Jessie Lichauco

WikiExpedition Santa Ana 040.JPG
Lichauco in September 2014
Born
Jessie Coe

(1912-01-10) January 10, 1912 (age 107)
CitizenshipAmerican / Filipino
Spouse(s)Marcial Lichauco (married 1933–1971)
Children7 [1]

Jessie Lichauco (born January 10, 1912) is a Cuban-born American-Filipino who has resided in the Philippines since the 1930s with her husband, lawyer and diplomat Marcial Lichauco. They turned their home into a makeshift hospital during the Battle of Manila in World War II.

Early life[edit]

Jessie Coe was born in Isla de los Pinos, Cuba on January 10, 1912.[2][3][4] Her father settled in Cuba after the Spanish–American War where he met Jessie's mother. She was later sent to St. Augustine, Florida, where she was raised in a convent school after she lost her parents as a young girl.[5]

While working in Washington D.C., Coe met Marcial P. Lichauco, a Filipino lawyer who was working as secretary for the OsRox Mission, which was seeking Philippine independence from the United States. She came to the Philippines upon Lichauco's invitation in the 1930s, marrying him on December 29 the same year at the University of Santo Tomas Chapel. She and her husband were the first couple to be wed in the newly constructed chapel. Since then, Lichuaco has lived almost continually in the Philippines.[2][3][4]

Social works[edit]

Jessie Lichauco entertaining participants of the 2014 WikiExpedition Santa Ana.

Lichauco joined the Asociación de Damas de Filipinas and devoted time to Settlement House, which was run by the Asociación. Together with her husband, she opened their temporary shelter in Santa Ana to war refugees, transforming it into a makeshift hospital during World War II. The facility served at least 2,000 people. After the war, she continued her devotion towards Settlement House and became its president for nine years.[6][7][3]

Lichauco is also one of the founders of the Red Feather Agency, later known as Community Chest, which raises funds for member charities. Lichuaco also supported about 100 youth in completing their education in her own capacity.[3]

From 1963 to 1966, her husband served as Philippine Ambassador to the United Kingdom, Denmark, Norway, and Sweden, appointed by then-President Diosdado Macapagal. Jessie Lichuaco served as the Ambassador's hostess, representing the Philippines in international organizations and events. The Ambassador's residence in Palace Green was open to Filipino businesspeople, students, workers, and tourists.[3]

After Marcial's death in 1971, Lichuaco spent a few years in the United States. She opened her house in Massachusetts to Filipino scholars and students needing a place to stay.[3]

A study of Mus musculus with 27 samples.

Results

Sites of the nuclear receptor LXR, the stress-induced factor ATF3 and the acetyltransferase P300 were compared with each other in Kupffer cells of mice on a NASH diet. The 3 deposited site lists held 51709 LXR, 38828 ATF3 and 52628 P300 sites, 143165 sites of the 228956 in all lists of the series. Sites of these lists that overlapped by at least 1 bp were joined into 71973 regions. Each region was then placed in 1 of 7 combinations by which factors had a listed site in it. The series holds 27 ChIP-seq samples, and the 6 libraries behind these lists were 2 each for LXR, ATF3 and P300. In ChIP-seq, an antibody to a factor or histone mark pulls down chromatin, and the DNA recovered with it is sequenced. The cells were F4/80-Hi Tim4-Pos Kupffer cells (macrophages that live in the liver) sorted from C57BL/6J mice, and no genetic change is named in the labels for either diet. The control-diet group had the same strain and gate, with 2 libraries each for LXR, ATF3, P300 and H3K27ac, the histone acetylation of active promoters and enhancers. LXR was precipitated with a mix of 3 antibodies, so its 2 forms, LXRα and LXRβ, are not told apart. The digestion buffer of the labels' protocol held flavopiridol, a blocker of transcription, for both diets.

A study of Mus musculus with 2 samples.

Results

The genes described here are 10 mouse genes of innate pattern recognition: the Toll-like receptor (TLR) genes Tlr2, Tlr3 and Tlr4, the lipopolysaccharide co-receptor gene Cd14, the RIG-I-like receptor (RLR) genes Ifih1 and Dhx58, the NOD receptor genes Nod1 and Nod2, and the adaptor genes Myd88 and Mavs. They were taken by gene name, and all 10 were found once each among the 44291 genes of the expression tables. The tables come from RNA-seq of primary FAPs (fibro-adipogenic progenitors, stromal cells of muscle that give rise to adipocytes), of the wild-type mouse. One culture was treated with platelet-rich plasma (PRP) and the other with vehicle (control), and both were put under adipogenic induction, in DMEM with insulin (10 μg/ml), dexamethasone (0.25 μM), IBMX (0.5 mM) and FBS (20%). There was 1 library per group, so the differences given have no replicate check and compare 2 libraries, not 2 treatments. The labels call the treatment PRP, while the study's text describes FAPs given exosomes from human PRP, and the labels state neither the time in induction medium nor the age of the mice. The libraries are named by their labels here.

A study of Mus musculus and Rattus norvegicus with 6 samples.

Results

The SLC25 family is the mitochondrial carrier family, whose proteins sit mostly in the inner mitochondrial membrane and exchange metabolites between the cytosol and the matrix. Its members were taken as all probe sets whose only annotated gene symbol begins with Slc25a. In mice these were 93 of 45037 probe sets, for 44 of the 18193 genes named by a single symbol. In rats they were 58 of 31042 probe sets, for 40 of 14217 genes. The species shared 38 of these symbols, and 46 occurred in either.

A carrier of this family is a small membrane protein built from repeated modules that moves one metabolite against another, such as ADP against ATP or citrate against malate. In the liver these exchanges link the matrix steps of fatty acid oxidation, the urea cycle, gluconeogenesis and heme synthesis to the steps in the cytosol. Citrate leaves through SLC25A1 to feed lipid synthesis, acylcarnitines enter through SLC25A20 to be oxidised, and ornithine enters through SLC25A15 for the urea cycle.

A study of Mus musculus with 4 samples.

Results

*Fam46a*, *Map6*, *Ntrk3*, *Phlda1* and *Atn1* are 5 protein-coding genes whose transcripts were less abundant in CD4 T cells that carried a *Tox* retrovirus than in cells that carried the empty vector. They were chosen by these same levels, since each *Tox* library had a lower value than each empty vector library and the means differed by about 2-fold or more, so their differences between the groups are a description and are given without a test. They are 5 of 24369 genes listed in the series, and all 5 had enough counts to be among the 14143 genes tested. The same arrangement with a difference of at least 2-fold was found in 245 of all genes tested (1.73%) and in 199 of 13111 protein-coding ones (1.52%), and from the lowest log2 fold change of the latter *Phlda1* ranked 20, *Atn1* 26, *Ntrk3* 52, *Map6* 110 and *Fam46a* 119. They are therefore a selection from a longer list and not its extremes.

Philippine citizenship[edit]

Lichauco was granted Philippine citizenship in 2013 through Republic Act No. 10356[8] which was signed into law by President Benigno Aquino III.[7] She was cited in the law for her social contributions to the country, adopting the Philippines as her home, speaking the Filipino language, and embracing Filipino culture.[3]

In popular media[edit]

Lichauco was the subject of the documentary film Curiosity, Adventure, & Love, in which she portrayed herself. The film includes her migration to the Philippines, the meeting with her husband, Philippine history from her perspective, and her insights on the Filipino people during World War II.[5]Curiosity, Adventure & Love has received several awards:

  • Special Jury Prize, 2016 World Premieres Philippines Film Festival
  • Best Documentary, 2017 SOHO International Film Festival
  • Best Documentary Feature, 2017 NYLA (New York Los Angeles) International Film Festival
  • Best Documentary Feature, 2017 Los Angeles Independent Film Festival
  • Excellence Award for the categories of Human Spirit and Biography, Exceptional Merit for sub-categories of Viewer Impact: Motivational/inspirational and Editing, 2017 Docs Without Borders Film Festival.[citation needed]

References[edit]

  1. ^ Licuanan, Virginia (21 March 2004). "92 turning 29". The Philippine Star. Retrieved 24 November 2014. Now a lovely 92 with six children and 18 grandchildren, she is one of the matriarchs of a huge clan.
  2. ^ a b Reyes, Karl John (5 November 2012). "More Filipino than most: centenarian Jessie Lichauco, Cuban-American, gets citizenship". InterAksyon.com. Retrieved 24 November 2014.
  3. ^ a b c d e f g Cojuanco, Kimi (9 September 2011). "House Bill No.5277" (PDF). Quezon City: House of the Representatives. Archived from the original (PDF) on 20 August 2013. Cite uses deprecated parameter |deadurl= (help); Cite journal requires |journal= (help)
  4. ^ a b Licuanan, Virginia (21 March 2004). "92 turning 29". The Philippine Star. Retrieved 24 November 2014.
  5. ^ a b Caruncho, Eric. "'Tita Jessie' at 104: A story of curiosity, adventure, love". Philippine Daily Inquirer. Retrieved 5 October 2016.
  6. ^ de Santos, Jonathan (2 November 2011). "Bill seeks Filipino citizenship for expat who's been here since 1933". Sun Star. Retrieved 22 November 2014.
  7. ^ a b "Heroine is a true Pinay". Manila Standard Today. 23 January 2014. Retrieved 22 November 2014.
  8. ^ "Republic Act No. 10356: AN ACT GRANTING PHILIPPINE CITIZENSHIP TO JESSIE JOSEPHINE COE LICHAUCO".